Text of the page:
For some time I have contemplated posting Claude's croissants on "The Best" message board, but have refrained because his patisserie is written about so widely in other places. However, the New York Magazine/Best of New York issue has prompted me to post. Patisserie Claude is once again applauded as a French bakery - but his rudeness is noted, something mentioned in nearly everything I read about the store. I have been going to Claude's several times a week for many years and he has only ever been very courteous, even friendly. His English is not great, but that isn't rudeness. And his croissants are magnificent with a crispy, buttery crust covering a light, doughy center. So I must leap to Claude's defense. How do these nasty myths take hold? Have other chowhounds had good or bad experiences at Claude's? For me, if you want to talk about rudeness, try the Melampo man. His sandwiches are delicious, but his surly attitude means I can no longer patronize his store.
Perhaps this should be on the "Not About Food" board?
re: Jennifer Stott
re: Jennifer Stott
I have long been a customer of Claude's and while I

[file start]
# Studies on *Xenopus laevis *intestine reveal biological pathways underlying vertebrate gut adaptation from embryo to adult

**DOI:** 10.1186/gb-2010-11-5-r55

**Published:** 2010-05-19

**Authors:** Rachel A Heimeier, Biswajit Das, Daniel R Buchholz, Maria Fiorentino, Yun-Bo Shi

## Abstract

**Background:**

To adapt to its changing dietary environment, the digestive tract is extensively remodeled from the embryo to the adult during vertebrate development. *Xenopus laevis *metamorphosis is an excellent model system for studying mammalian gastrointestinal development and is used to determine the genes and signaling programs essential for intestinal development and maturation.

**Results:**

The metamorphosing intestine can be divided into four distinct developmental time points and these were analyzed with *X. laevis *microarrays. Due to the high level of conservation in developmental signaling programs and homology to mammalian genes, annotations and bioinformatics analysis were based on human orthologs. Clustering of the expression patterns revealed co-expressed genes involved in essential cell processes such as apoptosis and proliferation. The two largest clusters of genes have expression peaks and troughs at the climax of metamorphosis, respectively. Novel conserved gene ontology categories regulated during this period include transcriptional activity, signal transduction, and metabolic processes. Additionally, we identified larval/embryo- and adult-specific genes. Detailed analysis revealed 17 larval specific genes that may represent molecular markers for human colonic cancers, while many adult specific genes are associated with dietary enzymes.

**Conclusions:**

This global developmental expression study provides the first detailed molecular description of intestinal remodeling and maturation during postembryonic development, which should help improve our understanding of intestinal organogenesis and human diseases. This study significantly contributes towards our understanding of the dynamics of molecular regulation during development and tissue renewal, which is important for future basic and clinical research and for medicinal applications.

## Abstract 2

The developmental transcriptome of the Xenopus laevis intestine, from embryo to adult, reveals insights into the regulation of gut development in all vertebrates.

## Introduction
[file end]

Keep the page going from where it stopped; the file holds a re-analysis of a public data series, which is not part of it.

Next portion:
don't agree about his croissants, I do agree about his
I have experienced this first hand MANY times. Claude
tends to be impatient and he tends to misunderstand
remarks that his customers make in an offhanded manner.
Not only has he treated me hatefully, but I've seen
customers leave the store followed by some sort of evil
diatribe on Claude's part.
It's all true. He's quite hateful. But he makes the
best damn brioche in NYC. He also makes an
extraordinary pastry of pate fuellantine filled with
almond paste and an apricot. It's simple perfection.
If only Claude were sweeter and less flakey.
I feel the same way about Al Yeganeh (the Soup Guy),
whose focus on providing the best product and fastest
service possible is misinterpreted as rudeness. Al is
a different guy after rush hour, because he is worried
about the length of the line and the turnover of the
I've seen Al commit many acts of kindnesses (not the
least of which is providing free soup for anyone who
asks). The only time I've seen him act in a mean
fashion (as opposed to a curt fashion) is when a woman
asked him if that was "real seafood" in the seafood
"No," he replied, without losing his temper or
composure. "It's fake seafood." He watched with
bemusement after the woman left the line soupless,
after waiting in line for 15 minutes or so.
I have to admit that I've always enjoyed the kind of
gruff/surly/sarcastic service provided by the pros at
Jewish delis and pubs, at least when it is accompanied
by expert service. I can understand why someone
wouldn't want a jibe with their $12 sandwich at Barney
Greengrass, but I have to admit that I enjoy it.